As I write this article, 30 June has just begun: people are waving Egyptian flags and happily going about their day, Tahrir square is filled to the brim hours before marches are scheduled to begin, and El-Merghany street leading up to the presidential palace is already closed off.
On my way to work, I noticed that there was no traffic; there were hardly any cars and even fewer pedestrians on the streets. I have heard of parents imprisoning their children at home, lest they join those protesting in the streets.
I imagine that at breakfast tables across the country, each person put forth their opinion on what is to happen today, with many suggesting the army as the ultimate saviour.
As I go through 30 June’s newspapers, many columnists are beseeching the Armed Forces to be wise, and to stand with the people. Some are even calling out Defence Minister Abdul Fatah Al-Sisi to act and protect the country.
Less than two years ago people were afraid that the army was a worse choice than Mubarak. Protesters chanted “down with military rule” at protests in Tahrir and other squares, demanding the beginning of civilian rule. How quickly they have forgotten the virginity tests performed on female protesters arrested by the army, as well as the thousands of civilians subjected to military trials during the Supreme Council of the Armed Force’s (SCAF) rule.
After Morsi assumed the presidency, 136 complaints were filed to the public prosecution against former SCAF Chairman Field Marshal Mohamed Tantawi, and his deputy Lieutenant Sami Anan.
In November 2011, Amnesty International released a report detailing how the army managed to “crush” the Egyptian revolution, mentioning the Maspero Massacre, in which 28 people were killed when the army went down to disperse a Coptic protest. They also reported that over 12,000 civilians were tried in military courts.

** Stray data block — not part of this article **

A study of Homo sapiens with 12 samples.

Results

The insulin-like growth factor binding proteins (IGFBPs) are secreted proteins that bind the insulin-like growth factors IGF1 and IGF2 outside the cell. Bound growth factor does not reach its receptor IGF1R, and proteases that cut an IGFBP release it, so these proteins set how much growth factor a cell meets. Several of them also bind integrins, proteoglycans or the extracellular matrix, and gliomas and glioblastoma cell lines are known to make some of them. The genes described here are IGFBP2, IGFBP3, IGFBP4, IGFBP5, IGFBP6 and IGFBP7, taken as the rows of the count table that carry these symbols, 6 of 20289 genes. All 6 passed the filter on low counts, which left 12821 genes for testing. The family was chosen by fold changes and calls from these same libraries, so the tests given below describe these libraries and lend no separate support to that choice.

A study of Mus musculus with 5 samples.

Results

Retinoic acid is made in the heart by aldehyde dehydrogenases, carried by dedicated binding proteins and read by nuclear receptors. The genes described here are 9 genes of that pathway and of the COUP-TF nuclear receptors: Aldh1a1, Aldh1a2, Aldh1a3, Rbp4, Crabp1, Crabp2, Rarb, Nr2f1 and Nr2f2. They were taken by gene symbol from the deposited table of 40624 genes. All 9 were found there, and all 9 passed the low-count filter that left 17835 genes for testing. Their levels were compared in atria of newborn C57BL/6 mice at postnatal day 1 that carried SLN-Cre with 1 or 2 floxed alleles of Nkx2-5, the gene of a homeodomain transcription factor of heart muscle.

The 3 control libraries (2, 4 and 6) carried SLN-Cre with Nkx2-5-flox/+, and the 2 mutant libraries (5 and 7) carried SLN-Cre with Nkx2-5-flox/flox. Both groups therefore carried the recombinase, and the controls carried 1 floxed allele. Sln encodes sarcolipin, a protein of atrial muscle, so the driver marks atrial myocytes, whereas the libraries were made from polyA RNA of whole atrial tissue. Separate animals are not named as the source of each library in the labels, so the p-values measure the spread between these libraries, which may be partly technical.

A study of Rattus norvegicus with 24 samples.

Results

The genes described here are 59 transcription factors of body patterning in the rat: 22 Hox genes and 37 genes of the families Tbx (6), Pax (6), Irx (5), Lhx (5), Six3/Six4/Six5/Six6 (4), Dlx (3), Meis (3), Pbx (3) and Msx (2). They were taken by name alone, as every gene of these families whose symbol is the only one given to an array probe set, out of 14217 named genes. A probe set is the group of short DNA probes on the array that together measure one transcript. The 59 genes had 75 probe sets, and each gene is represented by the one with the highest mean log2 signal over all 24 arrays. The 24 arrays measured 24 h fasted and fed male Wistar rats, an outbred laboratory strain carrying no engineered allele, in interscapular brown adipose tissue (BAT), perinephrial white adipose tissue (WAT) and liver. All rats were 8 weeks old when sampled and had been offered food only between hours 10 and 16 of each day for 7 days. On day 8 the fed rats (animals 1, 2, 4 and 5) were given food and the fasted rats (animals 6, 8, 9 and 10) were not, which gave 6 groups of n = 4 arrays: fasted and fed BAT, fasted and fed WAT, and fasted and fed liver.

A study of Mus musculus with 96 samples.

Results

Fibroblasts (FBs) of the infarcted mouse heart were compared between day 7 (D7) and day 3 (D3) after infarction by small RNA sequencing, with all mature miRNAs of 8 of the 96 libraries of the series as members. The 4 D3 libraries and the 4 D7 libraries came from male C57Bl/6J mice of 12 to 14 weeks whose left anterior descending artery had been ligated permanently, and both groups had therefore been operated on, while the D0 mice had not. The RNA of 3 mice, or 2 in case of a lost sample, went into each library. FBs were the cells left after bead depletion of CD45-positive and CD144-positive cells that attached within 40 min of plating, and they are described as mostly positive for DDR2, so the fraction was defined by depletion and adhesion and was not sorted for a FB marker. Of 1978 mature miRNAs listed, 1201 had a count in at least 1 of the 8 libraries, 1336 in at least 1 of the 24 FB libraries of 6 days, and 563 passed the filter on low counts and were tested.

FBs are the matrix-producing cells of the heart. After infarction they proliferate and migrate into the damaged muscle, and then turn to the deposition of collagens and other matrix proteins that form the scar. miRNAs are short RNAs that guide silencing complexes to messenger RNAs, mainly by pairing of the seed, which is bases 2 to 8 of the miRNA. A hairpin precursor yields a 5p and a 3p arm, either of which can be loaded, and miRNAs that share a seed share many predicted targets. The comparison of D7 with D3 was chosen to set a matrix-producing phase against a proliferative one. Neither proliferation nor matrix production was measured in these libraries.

During the cabinet clashes of December 2011, members of the army were filmed hitting, dragging and eventually stripping a female protestor. An iconic image of this incident shows one soldier as he violently stomped on her chest, as if she was a sack of cotton, rather than a human being.
Somehow Egyptians have magically forgotten the series of human rights violations that the army has conducted in the name of “stability” and “productivity,” as well as the many marches and protests that took place, calling for the army to return to its barracks. “This time, it will be different,” they tell me, “the army does not want to rule.”
I do not know where they got this notion from, or if they have any evidence to support this claim, but over the past two and a half years, everyone who has reached power has proven incapable of benefitting the people. Those in power seem to think about everything but the people of Egypt.
Today the people might be successful in toppling another corrupt president, whose first year in power has shown just how miserably he failed in pushing the country forward; the country is facing ever-worsening economic decline coupled with shortages of supplies.
We have to learn from our mistakes to avoid the same pitfalls of the past. Although the Armed Forces remain as one of the influential powers in Egypt, and at some point, their interests might converge with that of the people, it does not mean that they are the correct choice for leadership; they will not be our saviours.
We have to realise that we are on our own, and that we are the ones who will have to fight for freedom and survival. Everyone else is busy playing gods and generals.